Difference between revisions of "7745 Breadboarding lab"
Breadboarding lab: Controlling an Physical Models using Breadboarded Sensors
Designed by Edgar Berdahl
For this lab you need your Satellite CCRMA kit, a laptop computer with Ethernet adaptor to program it, and some headphones with a mini 1/8" (2.54mm) stereo jack.
Note: In this lab, the images will show the Beagle Board xM instead of the Raspberry Pi, but actually all of the wiring is essentially the same.
- In order to run circuits on the breadboard, you need to get power to it. The Arduino gets 5V from the USB connection, so in this section you will make the 5V accessible to the breadboard.
- Make sure that your Arduino is mounted at the very end of the breadboard with the higher-numbered rows, as shown in the following picture. In that case, the GND and 5V pins will end up in the 19th row. (Otherwise if your Arduino isn't mounted this way, you simply won't be able to rely on the row numbers, but you can still figure out how to wire things up!)
- Recall first that that holes in the solderless bread board are wired together as shown:
- Using short jumpers, connect the GND row to the blue "GND" bus on the breadboard, and connect the 5V row to the red "power" bus on the breadboard.
- Connect the "GND" and "power" busses from both sides of the breadboard together as shown.
Viewed from further away, your breadboard should now look like the following:
First Circuit: Potentiometer
Now you will build the following voltage divider circuit, to connect one potentiometer to analog input A0.
For some help on placing the wires, please see the following picture. In order to ensure the correct orientation, ensure that the text on the potentiometer is facing away from the Arduino (see also oblique picture in next section).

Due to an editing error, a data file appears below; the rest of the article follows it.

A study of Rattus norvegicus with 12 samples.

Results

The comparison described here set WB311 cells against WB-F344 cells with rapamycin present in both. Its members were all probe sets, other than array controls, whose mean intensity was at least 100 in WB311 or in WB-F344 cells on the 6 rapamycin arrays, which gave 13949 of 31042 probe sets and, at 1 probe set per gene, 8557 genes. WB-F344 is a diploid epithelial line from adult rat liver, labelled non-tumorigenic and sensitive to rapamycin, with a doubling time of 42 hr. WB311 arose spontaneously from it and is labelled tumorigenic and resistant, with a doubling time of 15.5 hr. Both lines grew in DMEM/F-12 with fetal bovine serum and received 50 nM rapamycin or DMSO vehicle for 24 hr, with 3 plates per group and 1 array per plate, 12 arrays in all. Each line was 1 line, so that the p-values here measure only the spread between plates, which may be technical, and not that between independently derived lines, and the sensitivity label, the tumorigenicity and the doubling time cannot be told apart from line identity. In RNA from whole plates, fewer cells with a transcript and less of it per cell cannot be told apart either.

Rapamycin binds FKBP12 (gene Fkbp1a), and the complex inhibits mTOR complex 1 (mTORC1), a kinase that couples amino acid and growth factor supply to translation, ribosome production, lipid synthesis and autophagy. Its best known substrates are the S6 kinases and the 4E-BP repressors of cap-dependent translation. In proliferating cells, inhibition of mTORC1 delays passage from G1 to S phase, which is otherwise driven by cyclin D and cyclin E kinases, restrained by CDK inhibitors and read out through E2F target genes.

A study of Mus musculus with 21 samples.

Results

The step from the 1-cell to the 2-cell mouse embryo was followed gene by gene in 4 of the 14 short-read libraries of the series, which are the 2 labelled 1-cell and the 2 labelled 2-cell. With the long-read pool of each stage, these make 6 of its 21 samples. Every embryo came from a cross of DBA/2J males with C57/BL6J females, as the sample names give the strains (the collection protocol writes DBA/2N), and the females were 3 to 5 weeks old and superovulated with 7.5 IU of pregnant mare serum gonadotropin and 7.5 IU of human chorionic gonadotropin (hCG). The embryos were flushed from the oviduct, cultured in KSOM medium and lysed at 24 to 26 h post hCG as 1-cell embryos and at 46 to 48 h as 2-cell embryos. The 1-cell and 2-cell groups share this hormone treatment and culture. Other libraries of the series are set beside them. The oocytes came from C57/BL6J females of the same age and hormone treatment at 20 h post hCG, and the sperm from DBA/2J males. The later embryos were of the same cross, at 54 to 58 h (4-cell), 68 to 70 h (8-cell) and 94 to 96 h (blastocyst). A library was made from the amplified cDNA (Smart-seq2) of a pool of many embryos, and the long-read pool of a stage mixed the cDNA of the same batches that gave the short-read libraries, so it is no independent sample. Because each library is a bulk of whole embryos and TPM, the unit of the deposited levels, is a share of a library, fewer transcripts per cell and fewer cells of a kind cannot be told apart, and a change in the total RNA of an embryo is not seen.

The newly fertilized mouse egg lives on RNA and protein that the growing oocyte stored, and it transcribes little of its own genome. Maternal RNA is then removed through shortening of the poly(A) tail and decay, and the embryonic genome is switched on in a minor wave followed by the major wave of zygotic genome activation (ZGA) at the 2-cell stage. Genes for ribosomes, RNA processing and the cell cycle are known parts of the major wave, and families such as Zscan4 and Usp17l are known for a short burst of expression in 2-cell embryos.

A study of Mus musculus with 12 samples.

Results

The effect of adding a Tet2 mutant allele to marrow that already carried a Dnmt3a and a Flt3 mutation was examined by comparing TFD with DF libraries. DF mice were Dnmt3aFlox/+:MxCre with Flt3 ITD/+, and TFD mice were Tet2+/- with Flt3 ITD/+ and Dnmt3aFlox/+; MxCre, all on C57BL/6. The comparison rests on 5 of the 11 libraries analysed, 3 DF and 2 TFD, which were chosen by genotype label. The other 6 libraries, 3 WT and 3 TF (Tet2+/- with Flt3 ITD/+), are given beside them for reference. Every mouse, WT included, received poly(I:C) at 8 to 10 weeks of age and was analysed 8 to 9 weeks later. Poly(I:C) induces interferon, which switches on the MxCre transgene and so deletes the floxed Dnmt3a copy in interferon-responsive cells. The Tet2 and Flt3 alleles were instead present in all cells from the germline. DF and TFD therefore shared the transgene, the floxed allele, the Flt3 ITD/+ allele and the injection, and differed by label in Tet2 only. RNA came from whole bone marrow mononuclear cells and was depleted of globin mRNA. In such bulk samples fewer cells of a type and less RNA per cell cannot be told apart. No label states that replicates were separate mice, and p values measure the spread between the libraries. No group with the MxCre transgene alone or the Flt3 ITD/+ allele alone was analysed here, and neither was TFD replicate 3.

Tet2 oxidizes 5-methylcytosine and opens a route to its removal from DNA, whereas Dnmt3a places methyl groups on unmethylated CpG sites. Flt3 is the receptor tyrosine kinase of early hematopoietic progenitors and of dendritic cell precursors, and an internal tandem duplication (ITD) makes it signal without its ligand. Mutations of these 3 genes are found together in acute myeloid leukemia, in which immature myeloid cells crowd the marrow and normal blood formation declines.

Add A Second Potentiometer
Now connect a second potentiometer to analog input A3 using the same voltage divider circuit.
Again, ensure that the text on the potentiometer is facing *away* from the Arduino (see the red boxes in the following figure):
Other Voltage Dividers
The circuit you just used for the potentiometer was a voltage divider circuit in which the potentiometer serves as two resistors. Other resistive sensors only have two wires, so to build a voltage divider with them, you need to combine them with a second, fixed resistor. Examples in your kit are the force sensitive resistor (FSR) and the bend or flex sensor. The idea is that you put two resistors in series between power and ground: one that changes resistance (your sensor), and one of a known, fixed resistance. At the point in between the two resistors, you can measure how much the voltage has dropped through the first resistor. This value changes as the ratio of resistances between variable and fixed resistors change. More formally:
- force-sensitive resistor (FSR):
Try both circuits. Test the resistance range of your sensor. If you want 2.5 volts to be the middle, make the comparison resistor (33k in the diagram) the "average" value of the FSR's resistance. Test this with a multimeter.
- Bend Sensor
Read more about 
Optional: Build A New Effect
- Build a new effect whose parameters are adjustable by the potentiometers and button. We will ask for volunteers to demonstrate this the following morning in class. You can build on what you did in lab 1 if you like.
- Think about the result
- do the controls allow the entire space of parameters to be explored?
- is it easy to choose any desired set of parameters?
- does the effect sound good?
- does it have dynamics?
- would you want to use it live?
- If not, what is missing still?
Some small amount of the text and images here was taken from prior laboratory exercises for the course Music 250A. We regret that we do not know who contributed these elements, but these people are likely to include Wendy Ju, Bill Verplank, Michael Gurevich, and possibly more.